It was quiet and cold in the waiting room. We’d been outside in the humidity for so long that the air conditioning left me on the verge of shivering. I sat, waiting for the minutes tick away with nothing to do but think about the trip.
I was trying to remember how long it had been since I’d actually traveled in the real world. I couldn’t place it—twelve years was my best guess. As a young doctor, I vacationed, went to conferences, visited friends and colleagues, and flew to dozens of hospitals to harvest organs. But those days were gone so fast that no one had time to realize what was happening.
Neural adjunct technology had come so far since the early days of implants for Parkinson’s and epilepsy. It eliminated any need for travel. Now we didn’t even need to physically go to work anymore. Never would I have pictured a day when a doctor wasn’t needed at the hospital. But here I was, helping to bring that very thing to Indonesia.
And that was Amy’s doing—her vision.
From the time I’d first met her as a med student, Amy’s goal was to advance the logistics of automated medicine. She saw a widening gap, as wealthy urban populations benefitted from the vast gifts of modern technology, while the poorer, rural peoples were getting left behind by the rushing wave of technical advancement.
Amy feared a future where the human race diverged. Those with access to gene therapy and neural adjuncts would continue to grow and develop, creating a more integrated, more advanced society in a second-layer reality. But those without access to these miracles of modern technology would stagnate, becoming increasingly marginalized, and even relegated to second-class status by the majority urban populace.
She believed that remote automation of medicine could help bridge that gap. And recent advancements had made her vision more attainable. It was time to start bringing it to the rest of the world.
She asked me personally, as an old friend and long-standing member.
“Indonesia?” I said. “Have you gone mad, Amy? It’s dangerous in those rural areas. Not only am I not going, I don’t think you should go either. Does Davis know about this?”
“Davis is supportive of whatever I do, Earl.”
“So you haven’t told him yet, then?”
“Not specifically,” she said. “But that doesn’t matter. He’s always behind me.”
Amy was headstrong. She kept planning and persisting: years before the technology was there, she was scheduling deployment of it, struggling to find ways to get it into as many third-world areas as possible. She raised funding, built support networks, and recruited other doctors to help take up the cause.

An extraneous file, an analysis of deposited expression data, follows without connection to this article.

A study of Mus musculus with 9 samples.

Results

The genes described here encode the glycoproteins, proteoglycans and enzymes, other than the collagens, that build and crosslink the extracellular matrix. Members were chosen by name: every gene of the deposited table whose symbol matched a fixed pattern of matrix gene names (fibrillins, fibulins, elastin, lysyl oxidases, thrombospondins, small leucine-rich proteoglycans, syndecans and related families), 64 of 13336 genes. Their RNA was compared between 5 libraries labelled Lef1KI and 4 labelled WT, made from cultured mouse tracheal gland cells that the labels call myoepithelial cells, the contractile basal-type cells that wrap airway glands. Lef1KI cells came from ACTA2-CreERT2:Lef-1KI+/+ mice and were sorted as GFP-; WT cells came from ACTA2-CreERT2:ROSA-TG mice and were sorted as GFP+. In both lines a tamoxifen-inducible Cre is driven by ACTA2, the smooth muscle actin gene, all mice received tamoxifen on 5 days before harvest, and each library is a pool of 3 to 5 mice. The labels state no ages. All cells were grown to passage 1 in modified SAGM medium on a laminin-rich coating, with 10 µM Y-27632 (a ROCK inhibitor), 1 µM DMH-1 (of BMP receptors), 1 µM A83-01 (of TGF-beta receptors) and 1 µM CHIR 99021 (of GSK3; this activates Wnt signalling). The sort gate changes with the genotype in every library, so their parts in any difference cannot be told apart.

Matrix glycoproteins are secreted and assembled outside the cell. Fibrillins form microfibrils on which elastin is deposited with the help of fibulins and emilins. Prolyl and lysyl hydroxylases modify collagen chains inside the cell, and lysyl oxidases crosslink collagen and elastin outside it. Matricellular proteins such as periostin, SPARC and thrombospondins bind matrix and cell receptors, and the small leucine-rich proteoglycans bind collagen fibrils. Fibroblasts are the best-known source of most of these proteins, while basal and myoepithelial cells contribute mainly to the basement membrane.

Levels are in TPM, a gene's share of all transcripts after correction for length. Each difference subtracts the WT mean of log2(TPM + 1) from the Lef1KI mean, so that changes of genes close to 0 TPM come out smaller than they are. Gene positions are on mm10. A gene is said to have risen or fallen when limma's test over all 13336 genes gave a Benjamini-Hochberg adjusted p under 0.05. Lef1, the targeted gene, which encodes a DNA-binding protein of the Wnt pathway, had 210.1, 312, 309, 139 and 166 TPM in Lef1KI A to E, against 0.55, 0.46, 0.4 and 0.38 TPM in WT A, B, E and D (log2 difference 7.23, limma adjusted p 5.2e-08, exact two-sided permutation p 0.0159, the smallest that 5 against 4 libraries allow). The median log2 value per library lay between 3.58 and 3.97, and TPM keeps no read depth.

I watched. I was too engrossed in my day-to-day routine in Boston to get involved with her campaign.
At times I had to remind her, “Amy, you have obligations here too. Look after your patients first, then you can devote time to your side projects.”
“It’s not a side project,” she would fire back at me. “People in Boston get the best care in the world, Earl. These people get none.”
That’s where her real interest was. And there’s no doubt her passion brought the field along faster than it would’ve moved without her. If anyone wanted to know about remote medicine, eventually they had to talk to Amy Long.
She began her own foundation dedicated to directing medical research funding toward her goals—a bit like a pirate charity, consulting with other foundations, and convincing them to invest in certain types of research. She also published a media guide and held conferences.
Her work supported the proliferation of larger gene labs, so that the American model was already built around remote medicine. That way, the infrastructure was already proven. There wouldn’t be any need to design new infrastructure when the time came: it would just be a matter of copying the existing system.
Before we knew it, gene labs were taking swabs by courier and returning individualized gene-based nasal sprays within days. Amy had a huge hand in making all that happen.
When scanning and diagnostic tools became small enough, Amy was the first to develop methodologies for putting them into the hands of patients directly. The smaller and more user-friendly a device became, the easier it was to eliminate the need for patients to come to the hospital. At first, it was via video conference and glasses; then, it was the early virtual reality programming, which gave way to full-immersion second-layer programming. Her hand was there guiding the helm.
“The final piece,” she used to tell me, “will come when neural adjunct placement can be done remotely or robotically. Then we can get it to everyone.”
A year before we left for Indonesia, Amy started planning. She had outlines for a system that would encompass the entire island of Borneo.
“Cal Tech and Johns Hopkins both have robotic surgical systems producing comparable outcomes, Earl,” she said, when I asked her if she was jumping the gun a bit.
“But that’s under the direct scrutiny and supervision of some of the world’s best trained surgeons.”
“That’s the thing you’ve never seemed to understand,” Amy answered. “It doesn’t matter anymore whether the best trained surgeons are sitting outside the room pushing the buttons. They can be halfway around the world and be just as effective. And most of the time, they won’t even be needed. By the time we implement this, the robots are going to be better surgeons anyway. Our time is up.”
The more I looked at it, the more I came to understand just how right Amy was. I wasn’t sure whether it was Davis’s influence that allowed her to see things so clearly, but she always seemed to understand every nuance and every curve in the path toward medicine becoming a technological art.
She saw the next step just as clearly. “From here on out,” she said, “it gets political.”